What’s left of visual art when one takes away the galleries?
French multimedia artist Jean René provides a dynamic new answer to this question. In recent years, René (or JR, as he prefers to call himself) has achieved notoriety for his unique brand of street art: JR photographs the inhabitants of various communities, then blows these images up on a colossal scale and pastes them to various urban structures.
The significance of these art pieces often derives from their locations. In his 2007 project Face 2 Face, JR took portraits of Israeli and Palestinian citizens making funny faces, then pasted them along the wall which divides Israel and Palestine. By pasting these photos right at the source of such a tension-fraught conflict, JR managed to humanize the issue and call attention to the ways in which Israelis and Palestinians are similar. JR says he was warned against doing the project, but that people’s reactions have made him glad he went through with it: his goal was to inspire laughter and curiosity, and pictures of citizens’ reactions to the work reveal that he succeeded.
In another piece, titled Portrait of a Generation, JR took pictures of poor youths from the suburbs of Paris and pasted them up in the bourgeois districts of Paris on the heels of the 2006 youth riots in the city. Many older inhabitants of Paris didn’t approve of the riots, but JR reasoned that if he put up quirky and endearing portraits of the kids, he might be able to change some minds. JR didn’t stop there, however. Many of the youths he worked with for the project came from the same housing project, Les Bosquets, and when the French authorities condemned this project a few years after the exhibition of, JR decided to pay the building a formal farewell. He and his team entered the building the night before the demolition and painted huge replicas from the faces of Portrait of a Generation – a set of eyes in one room, a mouth in another – so that the full faces were revealed as the cranes ate away at the building.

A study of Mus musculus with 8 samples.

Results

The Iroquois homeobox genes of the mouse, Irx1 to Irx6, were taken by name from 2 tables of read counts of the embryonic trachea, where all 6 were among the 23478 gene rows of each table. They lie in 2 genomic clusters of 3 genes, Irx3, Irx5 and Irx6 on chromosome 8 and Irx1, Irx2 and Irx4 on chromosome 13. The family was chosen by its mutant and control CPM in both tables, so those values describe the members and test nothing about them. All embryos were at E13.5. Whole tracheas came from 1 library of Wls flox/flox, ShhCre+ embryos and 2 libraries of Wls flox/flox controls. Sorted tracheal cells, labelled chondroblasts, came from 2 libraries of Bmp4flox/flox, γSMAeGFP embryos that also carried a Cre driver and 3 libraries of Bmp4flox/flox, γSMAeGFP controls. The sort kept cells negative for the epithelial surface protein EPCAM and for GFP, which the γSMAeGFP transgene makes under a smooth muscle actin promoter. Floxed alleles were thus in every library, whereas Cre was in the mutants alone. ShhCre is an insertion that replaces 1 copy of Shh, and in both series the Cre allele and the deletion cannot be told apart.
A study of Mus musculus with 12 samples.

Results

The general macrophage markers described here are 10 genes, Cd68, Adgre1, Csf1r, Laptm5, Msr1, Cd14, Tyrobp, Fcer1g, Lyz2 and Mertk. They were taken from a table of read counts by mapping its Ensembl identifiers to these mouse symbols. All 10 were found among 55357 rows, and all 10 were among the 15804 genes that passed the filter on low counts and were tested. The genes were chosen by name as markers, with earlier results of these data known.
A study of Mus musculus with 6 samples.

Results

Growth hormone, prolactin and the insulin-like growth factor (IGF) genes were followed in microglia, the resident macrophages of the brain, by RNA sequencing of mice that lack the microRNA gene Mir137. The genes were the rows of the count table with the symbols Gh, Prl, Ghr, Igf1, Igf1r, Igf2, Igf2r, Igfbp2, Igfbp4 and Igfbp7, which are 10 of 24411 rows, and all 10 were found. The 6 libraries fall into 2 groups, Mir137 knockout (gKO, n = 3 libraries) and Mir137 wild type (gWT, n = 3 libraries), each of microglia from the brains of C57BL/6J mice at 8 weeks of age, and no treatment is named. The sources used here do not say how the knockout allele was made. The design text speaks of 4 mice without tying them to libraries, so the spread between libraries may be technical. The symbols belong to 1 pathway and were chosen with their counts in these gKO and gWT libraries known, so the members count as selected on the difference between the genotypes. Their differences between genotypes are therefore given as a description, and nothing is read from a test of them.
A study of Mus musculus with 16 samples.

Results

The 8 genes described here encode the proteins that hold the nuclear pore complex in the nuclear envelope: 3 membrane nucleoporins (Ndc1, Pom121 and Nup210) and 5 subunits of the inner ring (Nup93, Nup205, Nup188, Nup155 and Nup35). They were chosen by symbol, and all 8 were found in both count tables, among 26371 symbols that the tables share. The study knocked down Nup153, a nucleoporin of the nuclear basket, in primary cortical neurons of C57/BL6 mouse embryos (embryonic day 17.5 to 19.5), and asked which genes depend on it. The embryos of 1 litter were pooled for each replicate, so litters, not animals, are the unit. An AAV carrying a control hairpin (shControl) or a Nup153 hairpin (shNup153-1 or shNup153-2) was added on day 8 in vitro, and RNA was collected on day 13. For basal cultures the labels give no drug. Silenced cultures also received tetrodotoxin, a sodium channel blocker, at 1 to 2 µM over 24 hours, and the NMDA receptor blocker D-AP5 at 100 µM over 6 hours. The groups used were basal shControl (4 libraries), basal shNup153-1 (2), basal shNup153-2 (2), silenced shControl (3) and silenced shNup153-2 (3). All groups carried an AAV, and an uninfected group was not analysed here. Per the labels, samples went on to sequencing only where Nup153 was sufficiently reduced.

Later, in 2009, JR began to display work on a global scale. His 2009 project Women Are Heroes includes portraits of women from Sierra Leone, Liberia, Sudan, Kenya, Brazil, India, Cambodia, and beyond. The photos have been displayed on the walls of churches and mosques, the sides of buses, trains, favela walls and stairwells, and even on the bottom of an empty swimming pool. JR often uses the location of these portraits to tell a specific story; for example, one woman he photographed had only recently broken free from a life sifting through trash in a dump on the outskirts of Phnom Penh, Cambodia. JR pasted her photographed eyes to the side of a rubbish truck so that she could gaze out at the life she left behind.
By choosing to exhibit his portraits in the locations and communities that benefit most from its message, JR utilizes art not only for visual enjoyment but also to encourage tolerance and bring people together. His worldwide approach gives us a glimpse as to the future of twenty-first century art. After all, in the age of globalization and social justice, the roof of a building’s the limit!